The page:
The old adage that you can’t tell a book by its cover is born out by the illustration on the front of Be That As It May. Readers seeing the Statue of Liberty with an apple replacing her torch and the words “school text” adorning her tablet should naturally expect a treatise on education problems in the United States. Actually, although the U.S. is mentioned occasionally, the book is about how the Canadian government has negatively affected the instruction of its students, with an emphasis on western and rural provinces.
Roberta Maclise McDonald uses an anecdotal style to emphasize how educational practices have changed since her elementary school years in a one-room school, continuing through her 35 years as a substitute and full-time teacher and school board candidate. McDonald’s opinions are certainly controversial, regardless of the nationality of the reader, and, although many are backed up by references to articles and essays, most are based only on McDonald’s experiences.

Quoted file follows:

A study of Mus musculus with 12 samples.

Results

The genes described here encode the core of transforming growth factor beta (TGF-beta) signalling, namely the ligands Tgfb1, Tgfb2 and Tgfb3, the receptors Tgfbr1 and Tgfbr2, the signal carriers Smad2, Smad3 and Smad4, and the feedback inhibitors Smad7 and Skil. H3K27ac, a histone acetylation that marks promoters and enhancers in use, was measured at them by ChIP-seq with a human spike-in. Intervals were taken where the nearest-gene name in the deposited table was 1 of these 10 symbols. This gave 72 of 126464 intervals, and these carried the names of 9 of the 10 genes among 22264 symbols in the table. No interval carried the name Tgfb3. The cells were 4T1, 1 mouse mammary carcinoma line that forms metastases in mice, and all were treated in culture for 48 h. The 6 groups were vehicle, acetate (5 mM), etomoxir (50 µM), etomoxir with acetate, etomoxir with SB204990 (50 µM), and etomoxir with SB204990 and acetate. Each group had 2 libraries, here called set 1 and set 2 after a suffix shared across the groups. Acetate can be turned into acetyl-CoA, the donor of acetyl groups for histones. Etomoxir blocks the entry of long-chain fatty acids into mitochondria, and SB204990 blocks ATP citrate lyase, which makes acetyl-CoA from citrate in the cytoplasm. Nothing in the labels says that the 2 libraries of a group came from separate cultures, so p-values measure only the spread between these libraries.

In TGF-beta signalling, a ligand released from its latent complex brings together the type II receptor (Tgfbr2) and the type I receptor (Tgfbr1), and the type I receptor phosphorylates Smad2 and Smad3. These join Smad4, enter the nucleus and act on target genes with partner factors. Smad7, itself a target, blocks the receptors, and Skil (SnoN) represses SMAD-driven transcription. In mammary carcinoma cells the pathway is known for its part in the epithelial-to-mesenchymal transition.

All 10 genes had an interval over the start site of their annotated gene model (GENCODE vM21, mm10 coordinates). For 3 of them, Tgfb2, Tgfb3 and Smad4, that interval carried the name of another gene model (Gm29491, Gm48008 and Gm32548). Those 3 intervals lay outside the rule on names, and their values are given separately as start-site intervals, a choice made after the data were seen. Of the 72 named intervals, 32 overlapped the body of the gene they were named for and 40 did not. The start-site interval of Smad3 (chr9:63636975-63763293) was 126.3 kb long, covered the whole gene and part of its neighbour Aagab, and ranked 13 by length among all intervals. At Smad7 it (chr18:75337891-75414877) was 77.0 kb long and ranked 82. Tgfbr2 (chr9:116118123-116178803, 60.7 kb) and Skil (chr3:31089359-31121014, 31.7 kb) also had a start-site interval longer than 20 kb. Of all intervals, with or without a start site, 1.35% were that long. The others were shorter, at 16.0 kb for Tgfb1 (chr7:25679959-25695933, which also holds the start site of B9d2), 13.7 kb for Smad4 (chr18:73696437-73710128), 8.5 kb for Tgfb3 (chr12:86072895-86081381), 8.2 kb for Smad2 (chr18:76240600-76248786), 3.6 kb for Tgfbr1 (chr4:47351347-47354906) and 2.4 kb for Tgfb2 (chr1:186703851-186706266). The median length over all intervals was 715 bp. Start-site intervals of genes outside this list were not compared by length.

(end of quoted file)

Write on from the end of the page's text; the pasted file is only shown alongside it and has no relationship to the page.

Educators and parents might agree with the author’s stance that mastery of basic skills is more important than the student’s “self-image.” However, it’s doubtful that McDonald will find many teachers who will agree with her that they are overpaid and underworked.
Her opinions on dress codes (school uniforms are a good idea), her disappointment at the watering down or elimination of physical education and arts programs and the wastes involved with the proliferation of administrative positions make sense. However, her beliefs that “compulsory public education should be disbanded” and that all schooling should be supported only through voucher systems seem idealistic and impractical, given the entrenched tradition of education in North America and the inability of government entities to reach a consensus on difficult issues such as this.
While readers will discover few ideas that seem workable here, they may find McDonald’s anecdotes about growing up on the Canadian prairie nostalgic and thought provoking.